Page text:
The median price of a single-family home in Houston dropped 8.5 percent compared to January 2008, according to the Houston Association of Realtors. But Houstonians are still much better off than many other major cities. The S&P/Case-Shiller home-price index finds prices in Phoenix have fallen 34 percent over the last year, 33 percent in Las Vegas, and 31 percent in San Francisco.
A new Reason Foundation policy brief finds that Houston’s housing market adapts to changing economic conditions better than the housing markets in other major cities, in part because it is the only major U.S. city without zoning regulations. The brief says this allows the region to maximize flexibility and accommodate housing diversity.
The report says the region’s lack of zoning policies and wide range of land use options helped it when the housing bubble began to burst. For example, between 2005 and 2007, the number of average monthly residential permits issued in Houston fell by 17.7 percent, which was less than half of the decline seen in Dallas-Fort Worth (44 percent) and San Antonio (35.9 percent).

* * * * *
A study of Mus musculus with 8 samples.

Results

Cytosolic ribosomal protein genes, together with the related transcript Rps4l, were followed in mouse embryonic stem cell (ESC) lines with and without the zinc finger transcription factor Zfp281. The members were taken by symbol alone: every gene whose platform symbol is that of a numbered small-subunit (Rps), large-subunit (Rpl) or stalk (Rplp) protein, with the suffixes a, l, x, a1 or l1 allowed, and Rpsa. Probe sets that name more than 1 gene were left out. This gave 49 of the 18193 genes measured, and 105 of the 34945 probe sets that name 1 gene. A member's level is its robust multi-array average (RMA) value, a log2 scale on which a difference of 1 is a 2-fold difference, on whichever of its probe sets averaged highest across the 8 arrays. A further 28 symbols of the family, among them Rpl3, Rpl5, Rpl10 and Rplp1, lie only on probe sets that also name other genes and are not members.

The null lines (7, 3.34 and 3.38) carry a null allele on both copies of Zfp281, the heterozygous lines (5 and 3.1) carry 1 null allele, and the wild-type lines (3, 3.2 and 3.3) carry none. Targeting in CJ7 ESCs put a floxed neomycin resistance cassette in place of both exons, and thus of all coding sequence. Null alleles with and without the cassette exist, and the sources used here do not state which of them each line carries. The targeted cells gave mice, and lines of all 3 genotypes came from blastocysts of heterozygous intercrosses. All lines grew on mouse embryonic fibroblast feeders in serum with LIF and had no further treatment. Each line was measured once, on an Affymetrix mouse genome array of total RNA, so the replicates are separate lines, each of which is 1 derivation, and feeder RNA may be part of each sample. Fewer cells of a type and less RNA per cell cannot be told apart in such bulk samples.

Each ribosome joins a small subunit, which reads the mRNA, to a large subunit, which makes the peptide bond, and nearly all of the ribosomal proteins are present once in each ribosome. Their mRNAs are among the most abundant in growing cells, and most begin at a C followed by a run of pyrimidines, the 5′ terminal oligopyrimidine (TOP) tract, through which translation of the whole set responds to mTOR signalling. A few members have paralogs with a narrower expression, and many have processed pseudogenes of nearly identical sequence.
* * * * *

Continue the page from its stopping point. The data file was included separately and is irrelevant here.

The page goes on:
“Houston’s largely free-market approach to land development has been widely criticized by the planning profession,” said Sam Staley, the report’s author and director of urban growth and land use policy at Reason Foundation. “An analysis of residential market trends, however, finds that Houston’s housing market has been more resilient and robust than other cities in Texas, even in the face of what is widely considered an unprecedented housing downturn. Moreover, this resilience is particularly notable for multifamily housing, a residential sector most cities struggle to nurture and accommodate.”